Alcohol is prevalent in American culture ⎼ liquor companies sponsor most music and sporting events, cold beers are synonymous with summer barbeques, wine is a staple at Thanksgiving dinner, and champagne is present at nearly every celebration. In general, America enjoys drinking. And because drinking alcohol is seen as socially acceptable, the spike in alcohol consumption over the last two decades has gone mostly unnoticed. More and more Americans are drinking themselves to death faster than ever before.
According to the CDC, excessive drinking leads to 88,000 deaths each year, accounting for 1 in 10 deaths among adults ages 20 to 64. While the highest amount of alcohol-related deaths occur among individuals ages 50 to 64, an increasing number of millennials are dying from alcohol-related liver diseases like cirrhosis.
In the last two decades:
- Overall liver cancer deaths have increased by 118 percent
- Overall cirrhosis deaths have increased by 65 percent
- Cirrhosis deaths have increased by 11 percent among those ages 25 to 34
While the effects that alcohol has on the body vary by individual, fatty liver disease occurs in roughly 90 percent of heavy drinkers. If left untreated, it can cause more severe conditions such as alcoholic hepatitis and cirrhosis. According to studies, men who consume more than four drinks per day and women who consume more than three drinks per day significantly increase their risk of developing cirrhosis, which can be deadly.
Alcohol: America’s Silent Killer
It is common knowledge that consuming alcohol is not good for you, but many individuals are unaware of how dangerous alcohol can truly be and just how rapidly one can spiral into alcoholism. Brenda Padgett’s daughter, Ashley, was 32 when alcohol took her life. Ashley had been drinking for five years. Her family thought she had time to get better.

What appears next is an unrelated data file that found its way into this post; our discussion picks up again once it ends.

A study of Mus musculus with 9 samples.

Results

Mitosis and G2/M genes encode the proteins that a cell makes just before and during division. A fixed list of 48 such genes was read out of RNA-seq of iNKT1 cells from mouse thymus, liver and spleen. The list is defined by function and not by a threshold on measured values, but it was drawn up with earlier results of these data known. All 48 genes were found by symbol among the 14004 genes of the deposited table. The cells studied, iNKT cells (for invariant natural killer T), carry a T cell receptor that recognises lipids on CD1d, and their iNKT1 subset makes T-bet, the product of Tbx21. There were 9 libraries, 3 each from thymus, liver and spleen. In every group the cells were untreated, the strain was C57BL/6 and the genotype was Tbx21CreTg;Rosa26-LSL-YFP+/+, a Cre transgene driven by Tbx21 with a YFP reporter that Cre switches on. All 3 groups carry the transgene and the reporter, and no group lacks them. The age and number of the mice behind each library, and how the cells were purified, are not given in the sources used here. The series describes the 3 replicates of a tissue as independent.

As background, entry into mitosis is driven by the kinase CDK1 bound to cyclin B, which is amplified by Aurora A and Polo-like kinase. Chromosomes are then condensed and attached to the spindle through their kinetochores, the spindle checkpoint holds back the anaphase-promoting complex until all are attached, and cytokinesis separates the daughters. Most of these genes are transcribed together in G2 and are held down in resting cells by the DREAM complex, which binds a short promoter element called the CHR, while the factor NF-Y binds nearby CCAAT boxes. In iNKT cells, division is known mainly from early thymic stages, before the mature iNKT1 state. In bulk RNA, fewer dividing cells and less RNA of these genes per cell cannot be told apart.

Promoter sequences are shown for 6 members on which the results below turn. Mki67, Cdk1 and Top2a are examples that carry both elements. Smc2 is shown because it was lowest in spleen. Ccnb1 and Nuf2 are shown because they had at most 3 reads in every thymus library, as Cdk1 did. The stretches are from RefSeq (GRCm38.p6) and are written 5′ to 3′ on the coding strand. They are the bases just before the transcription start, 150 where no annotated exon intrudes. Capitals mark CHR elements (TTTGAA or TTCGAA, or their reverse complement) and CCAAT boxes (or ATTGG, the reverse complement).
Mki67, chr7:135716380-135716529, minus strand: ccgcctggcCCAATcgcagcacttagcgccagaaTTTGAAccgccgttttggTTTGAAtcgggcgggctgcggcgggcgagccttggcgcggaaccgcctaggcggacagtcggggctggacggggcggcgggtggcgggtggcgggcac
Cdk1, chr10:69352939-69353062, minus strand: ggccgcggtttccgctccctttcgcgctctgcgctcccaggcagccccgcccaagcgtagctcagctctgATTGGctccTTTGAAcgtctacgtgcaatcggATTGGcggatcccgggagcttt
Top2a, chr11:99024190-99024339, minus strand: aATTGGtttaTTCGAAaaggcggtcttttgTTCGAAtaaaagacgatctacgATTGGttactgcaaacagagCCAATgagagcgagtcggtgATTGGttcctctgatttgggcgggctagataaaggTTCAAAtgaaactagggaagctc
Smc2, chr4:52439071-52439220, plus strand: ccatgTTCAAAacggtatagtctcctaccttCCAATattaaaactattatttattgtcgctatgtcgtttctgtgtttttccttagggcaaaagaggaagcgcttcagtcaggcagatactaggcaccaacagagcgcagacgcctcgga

Ashley’s mother recalls, “I used to think to myself: Well, thank God she isn’t on heroin or something like that. Fact is, the bottle is a loaded weapon, just like a loaded syringe is. You never know when the drink you take may take your life.”
Because alcohol is legal, many Americans consider it less harmful than illicit drugs. Wine mom culture is seen as normal, binge drinking is thought of as part of the college experience, and alcohol is often a go-to method of stress management. So, it is no surprise that when individuals start consuming heavy amounts of alcohol, most don’t spot the red flags until it is too late.
Accepting that you are dependent on alcohol is not easy. Many feel shame over their drinking and choose to ignore the problem. Others downplay the effects of their alcoholism. Some, such as functioning alcoholics, can lead seemingly normal lives and find it easy to deny their problem drinking. And while the stigma that surrounds addiction and recovery can make it challenging to seek help, signs of alcoholism should never be ignored.
If you think you may have a problem with alcohol, ask yourself:
- Do you often drink more than you had intended?
- Have you tried to cut down or stop drinking but couldn’t?
- Do you spend a lot of your time drinking?
- Do you constantly think about your next drink?
- Does alcohol interfere with your job or family obligations?
- Have you given up activities you cared about in order to drink?
- Is alcohol causing you to feel anxious or depressed?
- Has your alcohol tolerance increased?
- Do you experience withdrawal effects such as nausea, sweating, restlessness, or trouble sleeping when you go without a drink?
If you answered “yes” to any of these questions, you may be struggling with alcohol dependence and should seek help. Don’t wait for “rock bottom,” as that may be too late. Alcohol is an extremely addictive substance, and it begins causing damage to the body almost immediately. It alters the brain’s reward system, causing it to crave more and more alcohol. The hold that alcohol has on the body is so strong that heavy drinkers can begin experiencing withdrawal symptoms as early as two hours after their last drink. These symptoms are so severe that alcohol is considered one of the most dangerous substances to detox from. Recovering from alcoholism isn’t easy, but it is possible.